Just because you don't have your own music room, doesn't mean you can't teach bucket drumming to your students. I’ve taught general music almost exclusively on a cart for the past 8 years and as a result teach in a very lean and practical way. Here are some tips from the road...
You don't need to have a bucket for every student. In fact, I usually teach with a student to bucket ratio of 2:1. Keeps the volume down, increases instruction opportunities, and lightens my load.
Your next question might be: “Won’t students get bored or off task if they don’t have a bucket?” They might, so give them another, more portable, instrument to play when they don't have a bucket. Such as: a scratcher, shaker, glass bottle(copiously wrapped in duct tape). But having them play nothing for a short period of time is a good teaching technique as well.
The key is to stagger the placement of instruments. Take a look at the diagram below (an adaptation of a Jim Solomon idea.
After 30 seconds or so, rotate either the instruments (clockwise) or the students (counter-clockwise). The student who was just practicing with body percussion gets the instrument and has already practiced the rhythm. Boredom avoided and practiced increased!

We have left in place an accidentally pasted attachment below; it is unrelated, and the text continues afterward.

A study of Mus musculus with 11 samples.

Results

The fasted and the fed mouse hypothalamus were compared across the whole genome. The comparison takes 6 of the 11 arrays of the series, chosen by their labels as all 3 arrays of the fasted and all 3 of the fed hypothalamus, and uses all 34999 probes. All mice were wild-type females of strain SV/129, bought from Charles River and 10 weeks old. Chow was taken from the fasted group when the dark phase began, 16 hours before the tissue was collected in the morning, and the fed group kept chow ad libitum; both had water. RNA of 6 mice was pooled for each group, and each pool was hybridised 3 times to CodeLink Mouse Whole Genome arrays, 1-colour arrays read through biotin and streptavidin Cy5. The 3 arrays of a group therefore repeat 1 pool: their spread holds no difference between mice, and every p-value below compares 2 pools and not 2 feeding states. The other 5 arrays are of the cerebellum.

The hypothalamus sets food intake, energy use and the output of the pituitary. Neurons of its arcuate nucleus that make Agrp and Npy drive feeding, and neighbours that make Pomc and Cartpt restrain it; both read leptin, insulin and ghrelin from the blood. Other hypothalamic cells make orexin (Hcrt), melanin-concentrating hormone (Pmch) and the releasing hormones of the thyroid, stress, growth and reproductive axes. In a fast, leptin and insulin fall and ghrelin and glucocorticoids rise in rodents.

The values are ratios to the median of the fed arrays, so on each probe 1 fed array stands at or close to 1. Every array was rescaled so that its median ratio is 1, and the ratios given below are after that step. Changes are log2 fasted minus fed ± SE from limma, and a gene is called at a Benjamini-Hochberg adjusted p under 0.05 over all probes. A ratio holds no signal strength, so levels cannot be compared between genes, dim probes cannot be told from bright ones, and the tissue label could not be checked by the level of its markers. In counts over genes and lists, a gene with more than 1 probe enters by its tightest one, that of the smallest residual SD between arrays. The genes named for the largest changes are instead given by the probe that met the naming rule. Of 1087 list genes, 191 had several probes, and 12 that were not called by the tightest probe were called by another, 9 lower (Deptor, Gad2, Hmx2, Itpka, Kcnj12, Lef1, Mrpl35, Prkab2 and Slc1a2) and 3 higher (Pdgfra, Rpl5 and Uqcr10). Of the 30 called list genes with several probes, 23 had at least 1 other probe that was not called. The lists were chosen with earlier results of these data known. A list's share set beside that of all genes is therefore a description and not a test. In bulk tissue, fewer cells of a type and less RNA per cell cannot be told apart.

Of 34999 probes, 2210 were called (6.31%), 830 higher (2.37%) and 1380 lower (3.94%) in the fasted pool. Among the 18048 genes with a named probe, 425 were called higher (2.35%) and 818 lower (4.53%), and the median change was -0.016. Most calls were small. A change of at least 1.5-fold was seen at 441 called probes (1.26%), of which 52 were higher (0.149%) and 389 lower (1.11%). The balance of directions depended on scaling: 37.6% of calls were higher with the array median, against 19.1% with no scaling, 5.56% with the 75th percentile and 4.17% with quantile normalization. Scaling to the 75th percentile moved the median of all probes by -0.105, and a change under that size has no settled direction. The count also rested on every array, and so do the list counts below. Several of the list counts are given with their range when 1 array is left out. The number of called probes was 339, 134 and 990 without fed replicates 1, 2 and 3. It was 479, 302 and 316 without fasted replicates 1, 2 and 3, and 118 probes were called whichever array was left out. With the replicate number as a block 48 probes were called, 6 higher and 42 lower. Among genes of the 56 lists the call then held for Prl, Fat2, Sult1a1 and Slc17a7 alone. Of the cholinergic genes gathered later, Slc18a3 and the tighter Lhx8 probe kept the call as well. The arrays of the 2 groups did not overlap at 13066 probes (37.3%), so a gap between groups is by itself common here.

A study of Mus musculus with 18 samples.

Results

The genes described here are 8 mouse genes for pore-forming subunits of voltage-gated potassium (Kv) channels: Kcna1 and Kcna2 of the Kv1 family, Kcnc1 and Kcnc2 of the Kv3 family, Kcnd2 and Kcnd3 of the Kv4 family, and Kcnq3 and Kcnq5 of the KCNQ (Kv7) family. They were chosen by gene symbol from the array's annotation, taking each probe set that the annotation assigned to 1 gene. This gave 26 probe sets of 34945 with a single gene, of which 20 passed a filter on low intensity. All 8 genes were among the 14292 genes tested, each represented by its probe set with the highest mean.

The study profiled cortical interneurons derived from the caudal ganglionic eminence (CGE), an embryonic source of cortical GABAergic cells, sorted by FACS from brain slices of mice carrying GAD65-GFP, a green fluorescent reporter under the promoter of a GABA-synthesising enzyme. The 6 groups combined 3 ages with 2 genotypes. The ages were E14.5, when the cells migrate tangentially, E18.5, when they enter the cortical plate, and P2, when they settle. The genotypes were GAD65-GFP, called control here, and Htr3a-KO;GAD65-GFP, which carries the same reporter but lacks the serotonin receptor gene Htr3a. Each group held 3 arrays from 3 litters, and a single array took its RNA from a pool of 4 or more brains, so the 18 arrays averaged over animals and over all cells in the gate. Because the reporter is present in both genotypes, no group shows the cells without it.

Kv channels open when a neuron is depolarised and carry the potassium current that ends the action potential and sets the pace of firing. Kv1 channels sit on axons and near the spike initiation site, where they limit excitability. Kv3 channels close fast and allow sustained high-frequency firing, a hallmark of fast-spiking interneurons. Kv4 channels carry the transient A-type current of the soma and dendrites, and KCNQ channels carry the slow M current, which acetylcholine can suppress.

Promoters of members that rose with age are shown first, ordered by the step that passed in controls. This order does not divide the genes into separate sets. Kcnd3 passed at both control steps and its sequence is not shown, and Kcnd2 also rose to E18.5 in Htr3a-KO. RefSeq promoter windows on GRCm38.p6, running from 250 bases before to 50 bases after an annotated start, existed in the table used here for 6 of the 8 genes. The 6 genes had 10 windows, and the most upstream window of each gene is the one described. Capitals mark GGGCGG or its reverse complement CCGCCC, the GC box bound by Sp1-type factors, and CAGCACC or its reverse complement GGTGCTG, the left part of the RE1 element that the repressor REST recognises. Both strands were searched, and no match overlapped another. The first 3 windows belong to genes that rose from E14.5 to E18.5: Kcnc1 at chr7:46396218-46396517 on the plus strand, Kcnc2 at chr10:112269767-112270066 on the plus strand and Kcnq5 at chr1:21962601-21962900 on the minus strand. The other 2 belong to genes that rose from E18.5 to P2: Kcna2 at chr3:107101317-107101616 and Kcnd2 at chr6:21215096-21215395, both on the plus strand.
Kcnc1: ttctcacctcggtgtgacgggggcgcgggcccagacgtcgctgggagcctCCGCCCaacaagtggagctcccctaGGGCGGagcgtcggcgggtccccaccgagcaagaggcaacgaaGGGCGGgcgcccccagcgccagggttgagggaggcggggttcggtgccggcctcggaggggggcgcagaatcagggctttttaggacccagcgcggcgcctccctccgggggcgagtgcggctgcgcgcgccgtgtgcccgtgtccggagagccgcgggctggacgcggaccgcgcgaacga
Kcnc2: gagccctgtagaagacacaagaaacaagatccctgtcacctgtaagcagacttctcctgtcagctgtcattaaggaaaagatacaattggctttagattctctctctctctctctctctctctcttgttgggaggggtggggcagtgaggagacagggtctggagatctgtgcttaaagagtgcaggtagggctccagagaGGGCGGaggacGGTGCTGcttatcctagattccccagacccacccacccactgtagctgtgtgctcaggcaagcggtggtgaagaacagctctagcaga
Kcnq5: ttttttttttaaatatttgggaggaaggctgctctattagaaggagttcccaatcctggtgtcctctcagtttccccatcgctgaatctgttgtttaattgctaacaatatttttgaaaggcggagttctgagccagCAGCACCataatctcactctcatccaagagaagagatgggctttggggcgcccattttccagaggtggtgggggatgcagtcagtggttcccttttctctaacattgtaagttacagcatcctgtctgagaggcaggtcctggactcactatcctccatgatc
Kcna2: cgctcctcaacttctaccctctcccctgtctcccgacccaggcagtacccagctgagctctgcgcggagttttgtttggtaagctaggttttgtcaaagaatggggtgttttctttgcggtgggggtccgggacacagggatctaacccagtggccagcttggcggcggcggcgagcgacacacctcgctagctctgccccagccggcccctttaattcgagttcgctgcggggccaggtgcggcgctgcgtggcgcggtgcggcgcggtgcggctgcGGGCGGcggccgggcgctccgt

Place shakers inside of scratchers; scratchers inside of buckets; and sticks in the bucket. Super compact!
If you absolutely need more than 5 or 6 buckets, store a stack of extras in a friendly teacher's room or a strategically placed closet. This way, if you have 5 on your cart, and store 5 extras, then you have 10 buckets at your disposal. You can usually convince the teacher by explaining it's only a short term loan. Label the stack: "Buckets for Music Class" so they are not moved/trashed or used for custodial purposes.
5. Use a Decent Cart
Ok I know, this seems obvious, but a poorly designed cart will doom you before you even get rolling. The red cart shown above works very well since all four wheels turn, which helps navigate tight classrooms or hallways. The three large shelves holds all the things I need for multiple grades and are easy to load/unload. If you are thinking about using a cart exclusively for hauling large percussion of any sort (tubanos, djembes, xylos), you might consider the Rock N Roller series of carts. I use them for gigs and they are flexible and hold a large amount of gear.